The Washington Department of Ecology has adopted changes to the state’s standards for cleaning up contaminated in-water sediments. 

The changes take effect Sept. 1.
 
In 1991, Ecology first adopted the Sediment Management Standards for guiding the management of sediments. The standards rule is used to conduct environmental cleanup work, manage the dredging of sediment for navigation and cleanup, and manage sources that contaminate sediment.
 
In 2012, Ecology proposed changes to the Sediment Management Standards to clarify requirements for cleanup of contaminated sediment sites to make the cleanup process more effective.
 
Ecology Director Maia Bellon signed the revised rule on Feb. 22. 

The newly adopted changes include:
 
• Clarifying requirements for cleanup of bioaccumulative chemicals that pose risks to human health and the environment. Bioaccumulative chemicals are a concern because they get into the food chain. Examples of such chemicals include polychlorinated biphenyls, dioxins and mercury.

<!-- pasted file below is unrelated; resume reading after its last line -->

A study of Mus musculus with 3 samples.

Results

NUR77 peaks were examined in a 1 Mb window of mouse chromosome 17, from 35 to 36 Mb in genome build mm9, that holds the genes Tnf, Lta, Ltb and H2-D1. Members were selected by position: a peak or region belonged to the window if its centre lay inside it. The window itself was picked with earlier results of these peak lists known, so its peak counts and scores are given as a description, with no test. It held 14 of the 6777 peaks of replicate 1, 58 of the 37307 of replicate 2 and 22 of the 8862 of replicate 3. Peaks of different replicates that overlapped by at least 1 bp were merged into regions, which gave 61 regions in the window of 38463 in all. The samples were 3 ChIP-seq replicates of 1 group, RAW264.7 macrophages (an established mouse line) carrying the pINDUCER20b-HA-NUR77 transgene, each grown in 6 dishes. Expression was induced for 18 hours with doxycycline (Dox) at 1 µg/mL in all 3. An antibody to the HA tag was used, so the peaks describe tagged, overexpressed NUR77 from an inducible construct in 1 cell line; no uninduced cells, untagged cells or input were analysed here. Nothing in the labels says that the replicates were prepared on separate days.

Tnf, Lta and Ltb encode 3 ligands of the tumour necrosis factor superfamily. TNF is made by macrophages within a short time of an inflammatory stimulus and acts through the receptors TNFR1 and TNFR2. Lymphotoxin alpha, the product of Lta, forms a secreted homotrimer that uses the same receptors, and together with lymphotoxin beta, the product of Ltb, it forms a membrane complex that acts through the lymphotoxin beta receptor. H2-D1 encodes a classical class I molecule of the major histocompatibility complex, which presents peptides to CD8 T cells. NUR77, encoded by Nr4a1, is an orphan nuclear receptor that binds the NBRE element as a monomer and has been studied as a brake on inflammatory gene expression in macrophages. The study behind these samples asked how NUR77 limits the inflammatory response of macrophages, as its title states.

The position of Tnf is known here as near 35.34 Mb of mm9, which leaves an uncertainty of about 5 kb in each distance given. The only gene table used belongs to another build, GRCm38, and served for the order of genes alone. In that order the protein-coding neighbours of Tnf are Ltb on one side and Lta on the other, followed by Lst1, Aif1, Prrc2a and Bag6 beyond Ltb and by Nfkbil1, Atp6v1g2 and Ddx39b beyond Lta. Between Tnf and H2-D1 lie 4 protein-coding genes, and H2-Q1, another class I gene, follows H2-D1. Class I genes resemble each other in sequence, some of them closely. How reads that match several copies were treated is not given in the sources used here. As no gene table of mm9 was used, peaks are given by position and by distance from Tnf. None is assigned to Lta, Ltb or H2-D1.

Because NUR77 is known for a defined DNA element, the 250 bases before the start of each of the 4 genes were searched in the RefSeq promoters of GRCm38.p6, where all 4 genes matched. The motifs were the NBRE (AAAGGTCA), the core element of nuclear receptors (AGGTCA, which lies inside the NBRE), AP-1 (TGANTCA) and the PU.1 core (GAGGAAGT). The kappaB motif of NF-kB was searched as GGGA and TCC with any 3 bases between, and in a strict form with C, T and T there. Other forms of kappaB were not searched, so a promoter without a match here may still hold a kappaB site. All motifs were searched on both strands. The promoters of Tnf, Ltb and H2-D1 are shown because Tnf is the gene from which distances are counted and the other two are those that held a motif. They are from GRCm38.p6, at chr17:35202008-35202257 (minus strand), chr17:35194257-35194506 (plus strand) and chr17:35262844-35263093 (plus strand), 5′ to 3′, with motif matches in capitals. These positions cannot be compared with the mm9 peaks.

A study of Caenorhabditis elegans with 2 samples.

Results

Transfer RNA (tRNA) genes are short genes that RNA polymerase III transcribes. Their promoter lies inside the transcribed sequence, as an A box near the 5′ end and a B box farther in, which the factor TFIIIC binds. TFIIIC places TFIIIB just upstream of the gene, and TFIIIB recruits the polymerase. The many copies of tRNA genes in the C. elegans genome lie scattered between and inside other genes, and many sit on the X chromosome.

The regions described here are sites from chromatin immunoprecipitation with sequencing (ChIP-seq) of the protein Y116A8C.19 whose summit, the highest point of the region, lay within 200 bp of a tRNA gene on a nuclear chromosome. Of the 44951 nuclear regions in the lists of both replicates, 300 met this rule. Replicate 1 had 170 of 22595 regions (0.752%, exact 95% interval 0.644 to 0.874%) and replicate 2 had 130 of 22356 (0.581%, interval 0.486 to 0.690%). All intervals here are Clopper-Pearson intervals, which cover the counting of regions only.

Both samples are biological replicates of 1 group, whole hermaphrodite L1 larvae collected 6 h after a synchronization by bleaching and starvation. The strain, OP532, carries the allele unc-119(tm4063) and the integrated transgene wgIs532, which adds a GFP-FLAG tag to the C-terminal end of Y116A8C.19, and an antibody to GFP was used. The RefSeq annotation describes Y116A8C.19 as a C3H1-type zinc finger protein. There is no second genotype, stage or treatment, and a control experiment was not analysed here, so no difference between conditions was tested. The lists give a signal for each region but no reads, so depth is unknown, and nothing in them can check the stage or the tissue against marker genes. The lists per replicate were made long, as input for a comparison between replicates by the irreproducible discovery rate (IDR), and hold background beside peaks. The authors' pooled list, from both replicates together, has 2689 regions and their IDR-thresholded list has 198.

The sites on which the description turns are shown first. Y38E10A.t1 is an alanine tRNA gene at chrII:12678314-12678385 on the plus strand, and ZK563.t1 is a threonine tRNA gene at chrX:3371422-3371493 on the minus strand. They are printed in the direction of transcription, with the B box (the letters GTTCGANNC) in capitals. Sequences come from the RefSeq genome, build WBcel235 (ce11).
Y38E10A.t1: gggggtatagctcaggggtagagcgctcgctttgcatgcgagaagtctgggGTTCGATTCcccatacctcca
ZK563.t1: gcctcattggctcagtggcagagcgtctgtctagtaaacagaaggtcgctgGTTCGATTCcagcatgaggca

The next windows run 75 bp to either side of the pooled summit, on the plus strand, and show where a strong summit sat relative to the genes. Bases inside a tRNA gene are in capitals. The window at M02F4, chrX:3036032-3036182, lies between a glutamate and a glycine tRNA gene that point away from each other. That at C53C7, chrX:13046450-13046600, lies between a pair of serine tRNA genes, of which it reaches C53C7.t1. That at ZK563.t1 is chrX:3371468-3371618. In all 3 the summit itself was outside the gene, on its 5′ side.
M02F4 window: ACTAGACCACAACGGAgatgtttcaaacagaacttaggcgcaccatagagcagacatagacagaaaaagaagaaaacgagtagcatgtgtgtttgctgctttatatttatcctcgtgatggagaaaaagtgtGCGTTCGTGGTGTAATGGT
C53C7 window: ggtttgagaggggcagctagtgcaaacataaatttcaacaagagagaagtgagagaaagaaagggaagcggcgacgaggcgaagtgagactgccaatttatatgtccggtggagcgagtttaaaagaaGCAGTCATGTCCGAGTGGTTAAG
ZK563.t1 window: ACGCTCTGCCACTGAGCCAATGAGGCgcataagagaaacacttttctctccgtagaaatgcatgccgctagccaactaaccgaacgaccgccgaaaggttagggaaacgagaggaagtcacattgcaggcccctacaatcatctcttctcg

• Integrating the cleanup requirements in the Sediment Management Standards and Model Toxics Control Act rules. The Model Toxics Control Act is the state’s cleanup law, which stems from a voter-approved citizens initiative in 1988.
 
• Adopting freshwater standards to protect aquatic life that lives in and on sediments, and
 
• Clarifying requirements for coordinating source control and cleanup actions at cleanup sites.
 
The rule changes do not include a revised fish consumption rate for sediment cleanup projects. Ecology heard a number of concerns about identifying a specific rate, including questions about how it could impact a separate process to update water quality standards.
 
In 2012, Ecology held public hearings on the proposed changes in Seattle, Bellingham, Lacey, Spokane Valley and Richland. The agency also held a six-week public comment period.

After reviewing public comments, Ecology decided to clarify that site-specific cleanups use a “reasonable maximum exposure” standard. This is based on protecting Washingtonians who eat large quantities of fish, which in turn will protect all those who eat fish from Washington waters.
 
An announcement will be published in the State Register on March 20. The rule will go into effect on Sept. 1.